Writer, photographer, "rapper" and general technophobe takes on the internet in what could be a very, very messy fight. But it's alright: she's harder than she looks, and she's wearing every single ring she could get her hands on.


Sunday, 19 April 2009

Stage fright

Hey, was a message I got a few days ago from a number I didn't recognise. Reading your blog thingy. It's interesting.
Umm thanks, I sent back. Who is this? 
There is, after all, no right way of asking this question: they're either somebody you've deleted, or somebody you don't know, and neither of these options is a good one.
It's me! mystery texter replied, rather obtusely. Which didn't help me much: although it did narrow it down to being definitely male, so I ignored it. This is usually the best way to get a proper response from a man.
Sure enough, he cracked: it turned out to be an ex-flame who I had neither seen of nor heard from in at least 18 months. We're not even Facebook friends: that's how little we ever wanted to see each other again.
I stared at my phone for a few seconds, feeling distinctly uncomfortable. 
How did you know about it? I asked eventually.
Oh, I'm not stalking you, he sent back. I was googling the word Holly for another Holly, not you, and your name came up so I clicked on it.

I frowned at my phone again. I've always wondered, actually, what I would say to an ex-boyfriend who ever caught me stalking him online. I now know that 'I was googling your name for another person, not you, and your name came up' doesn't sound even remotely convincing: that's not how the internet works and everyone damn well knows it. You have to put in a surname or you don't get squat: in my case, you get 73 million pages about plants and Holly Willoughby.

Right, I said. Oh, I saidThen I left it: it's a romantic ball that fell in the lake a long time ago, and this princess has no interest in jumping in to go fetch it again (which is probably why he felt the need to contact me: they can tell, you see). 
You've not updated it in a few days though, he added when I'd been silent for half an hour. Everything okay?
I stared at my phone in increasing alarm, and then turned it off in fright. He hadn't stumbled across it at all: he's reading the bugger. A man I'd shooed into the box in my head labelled Dead As Far As I'm Concerned now knows... well, not everything, but certainly more than I would want him to. Enough to make him think my life is interesting, and - frankly - that's too much. He didn't even think that when we were dating.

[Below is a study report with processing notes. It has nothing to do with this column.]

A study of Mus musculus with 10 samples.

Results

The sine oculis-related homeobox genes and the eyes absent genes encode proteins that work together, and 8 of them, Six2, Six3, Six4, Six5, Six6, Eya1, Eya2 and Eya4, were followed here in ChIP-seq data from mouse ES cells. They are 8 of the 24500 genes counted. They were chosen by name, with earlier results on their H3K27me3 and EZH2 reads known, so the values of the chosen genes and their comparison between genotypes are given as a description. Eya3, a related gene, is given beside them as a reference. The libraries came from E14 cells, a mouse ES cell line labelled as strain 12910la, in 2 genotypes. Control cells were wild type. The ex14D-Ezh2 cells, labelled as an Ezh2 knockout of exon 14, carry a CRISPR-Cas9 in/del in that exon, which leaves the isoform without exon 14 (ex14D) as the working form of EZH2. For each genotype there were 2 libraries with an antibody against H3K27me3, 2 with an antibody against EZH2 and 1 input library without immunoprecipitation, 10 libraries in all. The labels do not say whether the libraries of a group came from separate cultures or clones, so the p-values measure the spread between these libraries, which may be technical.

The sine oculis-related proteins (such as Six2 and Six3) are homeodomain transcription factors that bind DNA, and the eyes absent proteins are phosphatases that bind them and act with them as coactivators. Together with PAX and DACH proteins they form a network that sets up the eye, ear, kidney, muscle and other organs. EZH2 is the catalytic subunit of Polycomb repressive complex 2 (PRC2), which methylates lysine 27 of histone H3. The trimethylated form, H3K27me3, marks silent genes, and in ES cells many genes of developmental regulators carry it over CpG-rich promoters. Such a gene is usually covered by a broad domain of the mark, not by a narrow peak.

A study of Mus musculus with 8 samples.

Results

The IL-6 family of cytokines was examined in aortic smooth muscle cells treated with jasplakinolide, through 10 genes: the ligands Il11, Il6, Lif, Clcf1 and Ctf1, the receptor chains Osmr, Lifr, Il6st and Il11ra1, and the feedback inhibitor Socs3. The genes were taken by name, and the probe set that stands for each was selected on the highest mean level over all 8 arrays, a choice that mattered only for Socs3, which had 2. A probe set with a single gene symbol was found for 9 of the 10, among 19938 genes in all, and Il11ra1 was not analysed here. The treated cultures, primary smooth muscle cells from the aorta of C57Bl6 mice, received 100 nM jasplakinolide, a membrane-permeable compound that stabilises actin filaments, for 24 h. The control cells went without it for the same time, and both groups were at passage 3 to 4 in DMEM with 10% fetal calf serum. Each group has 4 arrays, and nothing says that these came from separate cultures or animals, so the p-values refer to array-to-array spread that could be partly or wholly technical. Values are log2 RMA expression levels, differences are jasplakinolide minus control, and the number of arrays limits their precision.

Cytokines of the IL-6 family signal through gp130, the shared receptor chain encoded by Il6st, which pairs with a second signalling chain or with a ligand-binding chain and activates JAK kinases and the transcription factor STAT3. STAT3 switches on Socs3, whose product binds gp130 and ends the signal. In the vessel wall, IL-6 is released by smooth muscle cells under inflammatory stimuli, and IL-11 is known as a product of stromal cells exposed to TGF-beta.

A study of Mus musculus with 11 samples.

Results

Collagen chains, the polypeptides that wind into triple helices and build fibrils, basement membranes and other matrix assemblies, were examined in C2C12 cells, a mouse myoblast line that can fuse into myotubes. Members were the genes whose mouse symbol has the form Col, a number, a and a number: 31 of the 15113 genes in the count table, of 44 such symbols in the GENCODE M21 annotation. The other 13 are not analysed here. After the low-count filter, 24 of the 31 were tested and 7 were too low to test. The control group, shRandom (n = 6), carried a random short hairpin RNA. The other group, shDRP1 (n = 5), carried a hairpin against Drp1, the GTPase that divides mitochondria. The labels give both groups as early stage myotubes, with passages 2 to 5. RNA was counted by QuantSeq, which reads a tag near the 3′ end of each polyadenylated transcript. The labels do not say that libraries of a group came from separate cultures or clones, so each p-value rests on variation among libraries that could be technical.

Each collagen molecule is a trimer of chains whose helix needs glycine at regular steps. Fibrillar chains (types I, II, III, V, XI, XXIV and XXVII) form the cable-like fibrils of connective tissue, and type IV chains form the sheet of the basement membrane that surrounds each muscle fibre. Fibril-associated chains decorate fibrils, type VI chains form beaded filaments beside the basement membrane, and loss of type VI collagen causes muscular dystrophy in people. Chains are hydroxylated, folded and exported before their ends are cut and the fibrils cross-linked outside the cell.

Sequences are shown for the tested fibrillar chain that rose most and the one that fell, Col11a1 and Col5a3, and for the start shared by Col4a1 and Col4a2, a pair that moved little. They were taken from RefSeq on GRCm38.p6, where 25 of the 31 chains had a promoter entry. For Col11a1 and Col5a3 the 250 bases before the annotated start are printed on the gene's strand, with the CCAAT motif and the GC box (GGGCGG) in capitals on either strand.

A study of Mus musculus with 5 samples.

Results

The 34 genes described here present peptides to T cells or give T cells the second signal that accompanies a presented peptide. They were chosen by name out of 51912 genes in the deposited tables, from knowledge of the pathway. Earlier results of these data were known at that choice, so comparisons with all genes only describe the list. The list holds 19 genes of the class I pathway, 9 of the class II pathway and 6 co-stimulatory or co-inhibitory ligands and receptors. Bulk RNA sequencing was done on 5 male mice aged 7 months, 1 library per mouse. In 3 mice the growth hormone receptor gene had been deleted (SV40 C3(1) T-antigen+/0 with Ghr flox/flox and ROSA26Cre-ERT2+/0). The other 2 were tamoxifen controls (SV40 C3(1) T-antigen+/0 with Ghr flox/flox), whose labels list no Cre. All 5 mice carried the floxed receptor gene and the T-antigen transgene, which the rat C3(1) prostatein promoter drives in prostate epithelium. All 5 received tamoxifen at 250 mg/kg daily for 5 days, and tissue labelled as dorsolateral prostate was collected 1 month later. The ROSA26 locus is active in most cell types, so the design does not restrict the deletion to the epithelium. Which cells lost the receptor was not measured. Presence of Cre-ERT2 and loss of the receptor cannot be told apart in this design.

So: Is everything okay? I asked myself. Not really, actually: no, I replied in my head. Now I've got stage fright.

And that's where I've been for the last few days: cowering, electronically, in a corner. (Okay, in real life I was freelancing and going to the pub and eating dinner with my sister, but electronically I was hiding.) I'm petrified, and - as the word suggests - I've been converted to stone: I can't write to save my life. 

People are now reading this bugger of a blog, and I'm suddenly scared. Where I normally just smash out a post in a few minutes - and don't even re-read it - now I'm stiff with fear, and I'm erasing, erasing, erasing. I've written four posts in the last few days that aren't online, because every single one has gone in the little picture of a bin in the corner that represents a real bin, except you don't get to tear your work with your teeth first. 

My mum reads this. My grandad reads this. Friends, ex-friends, strangers, potential employers and ex-boyfriends now, apparently, read this. And I'm suddenly terrified. How can I write anything good enough? How can I keep people interested? More importantly: how can I write anything without offending or upsetting someone, or without exposing myself to someone I don't want to expose myself to? I'm in a little box, and the things I can't talk about have suddenly become much, much stronger than the things I can. Which leaves me with bugger-all creative freedom, and this makes me panic, and the panic means that I freeze up and I can't write. Thus: silence. Thus: an empty blog, and - worse - another temporarily abandoned novel (when I can't write it stretches across all of my stuff like a really nasty rash). 

So, I've decided: the box is coming down. It has to. I had to do it consciously for TBJITW, and now I've got to do it for myself. I will write what I want to write, when I want to write it, and I will just have to risk upsetting people, or boring people, or failing. I will have to risk exposing myself to people I do not want to expose myself to, because otherwise I will end up exposing nothing, and writing without honesty is like a kettle without a spout: it makes a lot of noise but you get nothing out of it but a lot of steam. And, frankly, there are quite enough whistling blogs out there already without adding another one that just exists to make the writer look good.

So I'm turning off the lights, and I'm closing my eyes. Until the stage fright passes, I'm just going to pretend that the audience isn't there at all. That it's just me, on a stage, with my silly little lines. 

And if you love me, don't heckle from the sidelines. It only makes me forget what it was I wanted to say.